As the state prepares to dissolve redevelopment agencies Feb. 1, the Glendora City Council named the city the “successor entity” in charge of making sure the dissolution of its redevelopment agency runs as smoothly as possible.
But city officials called the impending transition an administrative and legal nightmare as they say the state has not given them adequate direction on how to implement the agency’s dissolution.
Glendora, along with , fiercely opposed the state’s plan to abolish redevelopment agencies. But on Dec. 29, a Supreme Court agreed with the state and upheld the , while another law allowing redevelopment to exist if cities paid a portion of their taxes, was considered unconstitutional.
Glendora city officials called the Supreme Court decision “the most detrimental of all possible alternatives.”
However, a new bill -- SB 659 by Sen. Alex Padilla, D-Van Nuys – proposes to push back the deadline to April 15, which would allow cities more time to dismantle their community redevelopment agencies.
According to city officials, Auto Centre, Walmart, Marketplace and Diamond Ridge shopping areas were all created through redevelopment funds. About 70 percent of all the city's nearly $6.8 million sales tax will be generated by businesses located within this area. Redevelopment, the city claims, has also provided affordable housing opportunities for about 500 individuals in the city.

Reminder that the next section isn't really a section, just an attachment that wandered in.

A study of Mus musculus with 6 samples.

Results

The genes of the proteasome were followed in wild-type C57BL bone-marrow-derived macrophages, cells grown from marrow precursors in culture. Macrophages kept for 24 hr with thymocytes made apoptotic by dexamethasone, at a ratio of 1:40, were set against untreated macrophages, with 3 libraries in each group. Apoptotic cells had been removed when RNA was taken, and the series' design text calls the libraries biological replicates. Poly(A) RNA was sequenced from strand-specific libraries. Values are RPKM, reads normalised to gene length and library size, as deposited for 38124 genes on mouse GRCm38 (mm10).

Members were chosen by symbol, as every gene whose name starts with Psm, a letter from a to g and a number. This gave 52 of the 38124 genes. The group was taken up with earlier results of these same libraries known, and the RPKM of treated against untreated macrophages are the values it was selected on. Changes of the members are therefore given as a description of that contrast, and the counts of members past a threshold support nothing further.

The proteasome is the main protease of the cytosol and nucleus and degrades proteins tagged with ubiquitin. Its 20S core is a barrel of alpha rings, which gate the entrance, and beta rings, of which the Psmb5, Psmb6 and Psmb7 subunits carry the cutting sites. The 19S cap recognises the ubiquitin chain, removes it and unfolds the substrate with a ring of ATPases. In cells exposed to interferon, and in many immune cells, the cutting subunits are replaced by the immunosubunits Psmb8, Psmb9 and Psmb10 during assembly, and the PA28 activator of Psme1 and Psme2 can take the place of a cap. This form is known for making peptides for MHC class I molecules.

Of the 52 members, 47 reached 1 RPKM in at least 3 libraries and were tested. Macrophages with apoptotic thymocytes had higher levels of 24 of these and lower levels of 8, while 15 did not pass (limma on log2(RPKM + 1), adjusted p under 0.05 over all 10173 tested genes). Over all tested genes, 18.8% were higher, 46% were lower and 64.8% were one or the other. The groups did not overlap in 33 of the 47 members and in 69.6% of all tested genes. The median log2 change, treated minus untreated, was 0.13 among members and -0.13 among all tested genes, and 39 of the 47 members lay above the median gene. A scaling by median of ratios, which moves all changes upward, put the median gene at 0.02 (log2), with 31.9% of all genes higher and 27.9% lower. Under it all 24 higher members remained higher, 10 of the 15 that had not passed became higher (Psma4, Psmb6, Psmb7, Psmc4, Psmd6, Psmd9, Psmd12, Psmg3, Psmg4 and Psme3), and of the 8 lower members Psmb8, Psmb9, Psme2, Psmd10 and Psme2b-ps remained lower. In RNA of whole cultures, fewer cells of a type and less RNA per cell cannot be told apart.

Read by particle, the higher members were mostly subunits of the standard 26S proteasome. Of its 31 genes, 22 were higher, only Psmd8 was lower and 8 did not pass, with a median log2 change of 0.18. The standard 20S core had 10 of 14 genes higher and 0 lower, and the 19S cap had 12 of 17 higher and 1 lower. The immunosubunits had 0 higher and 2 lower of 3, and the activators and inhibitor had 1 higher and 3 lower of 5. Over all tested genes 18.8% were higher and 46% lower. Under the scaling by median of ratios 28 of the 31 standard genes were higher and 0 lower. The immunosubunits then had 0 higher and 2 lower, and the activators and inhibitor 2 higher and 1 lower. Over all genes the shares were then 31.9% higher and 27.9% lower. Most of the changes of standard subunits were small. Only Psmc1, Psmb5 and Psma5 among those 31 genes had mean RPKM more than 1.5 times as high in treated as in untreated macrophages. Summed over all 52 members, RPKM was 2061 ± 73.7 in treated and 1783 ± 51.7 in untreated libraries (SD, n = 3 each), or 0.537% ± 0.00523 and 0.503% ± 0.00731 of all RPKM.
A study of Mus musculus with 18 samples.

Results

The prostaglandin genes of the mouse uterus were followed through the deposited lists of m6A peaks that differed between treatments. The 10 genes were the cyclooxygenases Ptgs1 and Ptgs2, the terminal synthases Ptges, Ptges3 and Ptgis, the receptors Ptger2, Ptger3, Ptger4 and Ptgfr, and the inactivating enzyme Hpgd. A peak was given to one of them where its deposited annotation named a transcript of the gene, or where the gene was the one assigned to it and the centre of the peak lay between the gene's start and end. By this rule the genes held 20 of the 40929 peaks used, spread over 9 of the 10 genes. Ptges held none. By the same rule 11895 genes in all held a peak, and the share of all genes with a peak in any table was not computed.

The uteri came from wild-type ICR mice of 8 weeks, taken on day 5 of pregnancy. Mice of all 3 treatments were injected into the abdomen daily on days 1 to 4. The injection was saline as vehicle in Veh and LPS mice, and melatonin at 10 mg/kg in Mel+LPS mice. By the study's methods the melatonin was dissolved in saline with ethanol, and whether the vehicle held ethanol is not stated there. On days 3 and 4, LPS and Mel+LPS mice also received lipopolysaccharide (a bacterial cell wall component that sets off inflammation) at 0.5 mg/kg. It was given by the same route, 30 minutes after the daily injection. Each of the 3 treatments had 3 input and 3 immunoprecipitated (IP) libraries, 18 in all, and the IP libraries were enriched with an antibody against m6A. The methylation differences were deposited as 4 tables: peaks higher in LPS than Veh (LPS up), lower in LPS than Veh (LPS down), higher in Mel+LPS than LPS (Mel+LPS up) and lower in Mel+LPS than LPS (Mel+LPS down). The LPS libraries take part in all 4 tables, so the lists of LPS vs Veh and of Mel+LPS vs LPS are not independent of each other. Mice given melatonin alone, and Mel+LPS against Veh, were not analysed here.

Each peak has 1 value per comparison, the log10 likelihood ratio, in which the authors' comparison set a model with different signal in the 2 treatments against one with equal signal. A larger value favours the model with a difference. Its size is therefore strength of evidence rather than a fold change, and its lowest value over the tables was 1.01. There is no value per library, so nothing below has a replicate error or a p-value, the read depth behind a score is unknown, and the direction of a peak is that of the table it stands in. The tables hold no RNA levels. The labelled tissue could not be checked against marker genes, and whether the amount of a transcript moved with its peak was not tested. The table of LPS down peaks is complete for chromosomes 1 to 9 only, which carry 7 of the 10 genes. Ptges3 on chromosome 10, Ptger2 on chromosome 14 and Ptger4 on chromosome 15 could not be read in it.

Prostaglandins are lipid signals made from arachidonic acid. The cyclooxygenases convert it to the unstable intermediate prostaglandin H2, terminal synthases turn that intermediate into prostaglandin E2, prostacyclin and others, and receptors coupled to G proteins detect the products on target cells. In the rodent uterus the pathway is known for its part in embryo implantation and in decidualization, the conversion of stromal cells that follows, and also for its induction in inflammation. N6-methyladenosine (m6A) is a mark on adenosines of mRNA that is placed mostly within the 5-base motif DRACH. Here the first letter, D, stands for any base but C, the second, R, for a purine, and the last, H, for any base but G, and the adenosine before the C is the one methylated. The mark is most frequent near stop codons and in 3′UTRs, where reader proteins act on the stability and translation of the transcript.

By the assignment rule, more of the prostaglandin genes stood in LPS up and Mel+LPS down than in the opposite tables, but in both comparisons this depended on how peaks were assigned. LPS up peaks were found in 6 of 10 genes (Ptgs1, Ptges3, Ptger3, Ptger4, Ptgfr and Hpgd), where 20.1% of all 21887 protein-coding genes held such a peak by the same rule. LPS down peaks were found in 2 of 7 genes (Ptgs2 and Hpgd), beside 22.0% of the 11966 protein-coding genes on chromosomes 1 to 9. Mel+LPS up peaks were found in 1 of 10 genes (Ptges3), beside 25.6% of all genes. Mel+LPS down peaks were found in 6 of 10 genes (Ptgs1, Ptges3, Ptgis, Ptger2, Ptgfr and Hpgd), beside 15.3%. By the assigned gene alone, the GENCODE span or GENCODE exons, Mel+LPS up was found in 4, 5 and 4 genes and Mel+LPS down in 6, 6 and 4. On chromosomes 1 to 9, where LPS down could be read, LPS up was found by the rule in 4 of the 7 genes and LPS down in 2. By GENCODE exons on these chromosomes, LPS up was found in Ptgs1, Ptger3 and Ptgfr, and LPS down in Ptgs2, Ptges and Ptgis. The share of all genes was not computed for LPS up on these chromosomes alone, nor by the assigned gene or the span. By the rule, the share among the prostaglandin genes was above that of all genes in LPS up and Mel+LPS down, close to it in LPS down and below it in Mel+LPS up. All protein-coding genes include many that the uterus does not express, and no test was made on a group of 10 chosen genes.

City officials say the Supreme Court ruling in California Redevelopment Association v. Matosantos leaves many unanswered questions, including what will become of legal debts to the city, liquidating assets and administrative costs.
“A lot of these questions have not been answered,” said City Manager Chris Jeffers. “It might take months, if not years, for us to get direction.”
“We are treading in water,” said City Attorney D. Wayne Leech. “There isn’t much of a guideline. There’s no real regulation that gives us a manual or a map that tells us how to get from point A to point B.”
City Council members also expressed frustration over the “bureaucracy” of a 7-member Oversight Board, which will be charged to manage successor entities. City officials hope to lobby for a representative from Glendora to join the board.
Among the other actions the council took was to activate the Housing Authority to oversee accumulated assets of the agency’s housing funds and assist with contractual requirements in place for about 200 housing units.
To help make up for a possible $2 million reduction to the general fund, Jeffers pointed to tapping into $197,000 of CDBG funds, usually allocated for housing rehab projects and grants to community organizations.
According to city documents, the demise of redevelopment agencies will void $6.5 million in legal loans to the agency from the General Fund over the years. The transition, the city believes, will also leave the city scrambling to absorb administrative costs charged to the agency for services, resulting in a cost of “hundreds of thousands” of dollars.
Councilmember Joe Santoro denounced the state’s plan to end redevelopment agencies as effort by the state to pass off its own budgetary problems onto local governments.
“They say let’s get rid of redevelopment agencies and they think all the stuff that goes with it disappears,” said Santoro. “They pay no attention to the planning process that it’s going to take to implement it. They pay no attention to the legal issues that is going to come up with the magnitude of that type of decision.”